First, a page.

The Double-Edged Sword of BJJ

I’ve been really sporadic in my training this year. Just a lot of things going on. A lot of excuses I can offer as to why I haven’t trained as much as in recent years.  But none of those matter, I haven’t put in the mat time in 2015.

This week was the first time for me to be back in the gym in 2 weeks. Which might not sound like much, but last year I was training about 7 hours a week. Anyway, one thing I’ve been struggling with is the lack of progress I’ve made as a blue belt. Obviously lack of mat time is a big factor.

Today after sparring something dawned on me. BJJ is a double-edged sword. That sword is its simplicity.

Hear me out.

It seems to escape every bad position is essentially this: If you can bridge. If you’re flat, get up on a shoulder, then an elbow and possibly a hand. Move away. Put your feet on your opponent and control the distance.

It might be more nuanced than that. But today I was rolling and was in a bad position, I hear our coach telling me to get up on my elbow. I tried, but ended up in a worse position. After the round he showed me what he meant. It really was to get up on an elbow, scoot my butt towards my elbow and keep doing that until I could do a knee shield or foot on his hip etc.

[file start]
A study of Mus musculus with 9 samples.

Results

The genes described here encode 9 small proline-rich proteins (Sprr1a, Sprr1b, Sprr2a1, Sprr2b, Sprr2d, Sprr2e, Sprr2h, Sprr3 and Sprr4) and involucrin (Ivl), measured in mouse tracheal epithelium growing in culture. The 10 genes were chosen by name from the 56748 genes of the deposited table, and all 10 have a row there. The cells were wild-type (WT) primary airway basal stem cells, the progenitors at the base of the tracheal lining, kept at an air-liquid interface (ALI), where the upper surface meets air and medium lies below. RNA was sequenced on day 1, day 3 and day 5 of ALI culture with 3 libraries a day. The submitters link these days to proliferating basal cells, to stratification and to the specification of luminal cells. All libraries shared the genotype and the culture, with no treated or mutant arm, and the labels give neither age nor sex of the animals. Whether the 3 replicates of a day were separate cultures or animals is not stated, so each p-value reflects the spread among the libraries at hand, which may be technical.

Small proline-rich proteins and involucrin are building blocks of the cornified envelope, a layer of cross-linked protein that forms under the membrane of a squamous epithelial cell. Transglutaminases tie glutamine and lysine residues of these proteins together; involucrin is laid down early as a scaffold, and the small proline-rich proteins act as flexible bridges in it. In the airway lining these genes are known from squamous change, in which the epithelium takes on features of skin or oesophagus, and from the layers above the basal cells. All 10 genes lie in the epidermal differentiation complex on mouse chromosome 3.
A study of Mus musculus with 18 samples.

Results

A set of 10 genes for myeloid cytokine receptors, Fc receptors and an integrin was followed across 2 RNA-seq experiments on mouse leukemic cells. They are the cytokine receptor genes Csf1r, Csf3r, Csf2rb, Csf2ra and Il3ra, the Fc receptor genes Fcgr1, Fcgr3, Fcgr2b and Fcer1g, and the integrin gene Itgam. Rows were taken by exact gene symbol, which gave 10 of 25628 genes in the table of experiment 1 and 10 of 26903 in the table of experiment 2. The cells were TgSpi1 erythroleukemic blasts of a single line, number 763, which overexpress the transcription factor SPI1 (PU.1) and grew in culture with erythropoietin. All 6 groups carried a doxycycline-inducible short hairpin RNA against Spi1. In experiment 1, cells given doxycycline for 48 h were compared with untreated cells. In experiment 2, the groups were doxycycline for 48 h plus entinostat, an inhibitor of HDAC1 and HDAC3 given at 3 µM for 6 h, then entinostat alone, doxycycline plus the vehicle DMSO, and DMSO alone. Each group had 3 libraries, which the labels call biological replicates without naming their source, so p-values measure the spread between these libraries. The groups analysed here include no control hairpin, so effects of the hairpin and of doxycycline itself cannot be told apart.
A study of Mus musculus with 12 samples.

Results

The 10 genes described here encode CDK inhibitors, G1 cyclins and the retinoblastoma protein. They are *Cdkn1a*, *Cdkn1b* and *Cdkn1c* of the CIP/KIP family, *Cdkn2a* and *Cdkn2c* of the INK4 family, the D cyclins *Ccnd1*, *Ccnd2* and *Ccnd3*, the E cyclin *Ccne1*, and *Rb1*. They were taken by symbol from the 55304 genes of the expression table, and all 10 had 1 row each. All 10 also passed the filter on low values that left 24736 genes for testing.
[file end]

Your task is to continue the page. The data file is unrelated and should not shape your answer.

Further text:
Why is that a double edge sword? Because I think I learned all of that the first month or so of training.

It’s not that once you get to blue you learn more moves, and the purple, brown and black learn even more (I’m assuming, anyway, nobody has taught me secret blue belt moves.) Instead, it’s realizing that if your opponent is behind you with their chest on your shoulder and their knee pinning your legs, you still need to shrimp and get up to your knees and scoot away.

The techniques are that simple.

At the same time, their difficult to pull off in every situation. Or for me, their even difficult to recognize in every situation. I’ll wind up somewhere and think “Surely THIS position calls for a different escape.” So far the answer every time has been “No. There’s nothing special about this position either.”

It gives me hope that I can get better on those moves. It’s also incredibly frustrating that 3 years in I still can’t do the basics.